Photo by Freysteinn G. Jonsson on Unsplash

Darren Aronofsky’s The Whale is almost profound.

Adapted from the 2002 play by Samuel Hunter, the film follows the final seven days of protagonist Charlie’s life. Charlie is an online writing teacher who has become a morbidly obese recluse following the death of his partner. From the beginning, Charlie knows his death is imminent. The film is not a struggle to survive. It instead follows his final dying wish to reconnect with his estranged daughter Ellie, whom he left behind with his ex-wife after falling in love with one of his students.

The film opens with a scene designed to nauseate. Charlie, sweatily splayed out on his couch, is masturbating to gay porn. The camera adopts a wide angle that pans to ensure the viewer takes in every inch of Brendan Fraser’s “fat suit”. Tragically, this act of self-gratification does not end in climax but in an almost heart attack. It is clear that Aronofsky is attempting to exacerbate the audience’s pre-existing prejudice and disgust towards obese people, by reducing Charlie to a humiliating caricature of someone Fox News would probably berate.

“Reducing Charlie to a humiliating caricature of someone Fox News would probably berate”

Aronofsky’s intention behind first presenting Charlie as a clear object of disgust seems to be in service of then gradually affording him redemption in our eyes during the film’s runtime. The director exploits the grotesque to make us first viscerally uncomfortable, only to then reveal that beyond this parody Charlie is (shocker) actually as complex as the characters of a Herman Melville novel.

Herein lies the feature’s biggest flaw: Charlie acts first and foremost as a melodramatic metaphor, a human embodiment of pity. Aronofsky endlessly weaponises him to make philosophical points about love and honesty and to make us snivel, only to flatten him into a two-dimensional symbol. After being sat for two hours in the Arts Picturehouse before this character, I am unable to comprehend what Charlie thinks and feels beyond the naff motivational quotes he religiously repeats. For Aronofsky, unconditional kindness is enough to redeem Charlie and assure us he’s worthy of love. For the audience, this unconditional kindness becomes progressively inhuman, as it patronises Charlie into a character lacking real substance.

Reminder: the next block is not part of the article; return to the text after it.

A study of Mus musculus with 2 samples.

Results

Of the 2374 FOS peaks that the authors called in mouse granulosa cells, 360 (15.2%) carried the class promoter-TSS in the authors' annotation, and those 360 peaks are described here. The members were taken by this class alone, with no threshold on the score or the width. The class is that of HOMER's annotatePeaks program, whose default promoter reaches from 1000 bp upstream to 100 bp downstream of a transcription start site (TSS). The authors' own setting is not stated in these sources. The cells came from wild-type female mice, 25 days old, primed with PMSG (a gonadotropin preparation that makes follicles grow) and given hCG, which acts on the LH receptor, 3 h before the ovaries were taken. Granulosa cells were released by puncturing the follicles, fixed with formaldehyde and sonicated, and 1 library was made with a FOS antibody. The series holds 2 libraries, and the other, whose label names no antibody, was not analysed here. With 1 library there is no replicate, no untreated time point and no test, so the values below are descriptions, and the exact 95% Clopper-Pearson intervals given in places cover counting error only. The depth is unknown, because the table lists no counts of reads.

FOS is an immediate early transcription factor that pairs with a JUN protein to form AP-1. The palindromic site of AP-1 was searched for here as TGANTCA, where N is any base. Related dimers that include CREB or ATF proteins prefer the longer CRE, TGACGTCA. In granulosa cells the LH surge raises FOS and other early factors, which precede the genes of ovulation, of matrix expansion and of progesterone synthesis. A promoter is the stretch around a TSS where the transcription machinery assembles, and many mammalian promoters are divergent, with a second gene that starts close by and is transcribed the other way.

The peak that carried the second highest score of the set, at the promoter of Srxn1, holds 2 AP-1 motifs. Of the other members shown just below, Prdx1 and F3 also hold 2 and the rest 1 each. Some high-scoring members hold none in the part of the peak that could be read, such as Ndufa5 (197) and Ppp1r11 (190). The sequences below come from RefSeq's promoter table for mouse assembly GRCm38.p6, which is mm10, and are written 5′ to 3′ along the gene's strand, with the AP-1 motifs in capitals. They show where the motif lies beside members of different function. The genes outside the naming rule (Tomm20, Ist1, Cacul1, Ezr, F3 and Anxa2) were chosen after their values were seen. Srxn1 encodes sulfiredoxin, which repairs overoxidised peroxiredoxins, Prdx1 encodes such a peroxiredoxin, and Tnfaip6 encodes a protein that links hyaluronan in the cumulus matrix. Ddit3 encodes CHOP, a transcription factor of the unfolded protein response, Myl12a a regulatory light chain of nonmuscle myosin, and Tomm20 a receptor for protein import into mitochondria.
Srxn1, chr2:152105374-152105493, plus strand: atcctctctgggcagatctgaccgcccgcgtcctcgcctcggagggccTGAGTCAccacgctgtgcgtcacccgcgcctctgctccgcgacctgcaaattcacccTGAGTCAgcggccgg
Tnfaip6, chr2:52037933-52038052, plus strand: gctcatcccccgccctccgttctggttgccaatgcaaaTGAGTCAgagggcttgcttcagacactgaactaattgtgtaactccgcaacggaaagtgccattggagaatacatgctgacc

Nonetheless, it is undeniable that Fraser beautifully portrays Charlie with great empathy, in a way the self-conscious, square cinematography does not. He’s a sure-in for the Oscar this year. Fraser’s performance, alongside most of the cast’s, is tender in a way that partly redeems the surrounding spectacle of The Whale.

“Aronofsky endlessly weaponises him to make philosophical points about love and honesty and to make us snivel, only to flatten him into a two-dimensional symbol”

However, these performances are not sufficient to stop the most interesting parts of the narrative from being obscured. During the film, Aronofsky often has us forgetting that The Whale is not at its core a study of obesity, but instead is primarily about queerness in relation to Christianity and the strained relationship between Charlie and his daughter. Charlie’s tragedy is not his weight, but that the man he loved was killed at the hands of the Church. Charlie’s complexity is his ability to maintain an unwavering faith in humanity despite this.

Aronofsky dilutes this with endless sensationalist shots of Charlie binge-eating and close-ups examining his body’s every wrinkle and fold. Yes, these communicate to us the result of years of self-loathing and shame but, no, they don’t meaningfully linger on the psychological roots of Charlie’s misery. He remains but a hollow martyr.

Near the end of the film, we discover that Charlie can actually afford hospital treatment and has himself chosen his morbid fate. However, this progressive insight into the character’s life is positioned as a lazy, thrill-inducing plot point rather than an intimate moment in which we learn Charlie’s true intentions. Similarly, Charlie’s daughter’s actions seem solely engineered to heighten the dramatic tension of the film, rather than to depict the reality of a troubled teenager. This again, reduces her to a cruel caricature that is often unbearable to watch.



The Whale is a film I have some trouble recommending. Depending on your personal relationship with food or self-image, it could be both touching or triggering. Ultimately, because of Aronofsky’s jarring cinematography and direction, it is a film that ends up aimlessly prioritising being provocative over truthfully telling Charlie’s story. For me at least, beyond a cathartic cry, it left me colder than the film’s colour palette.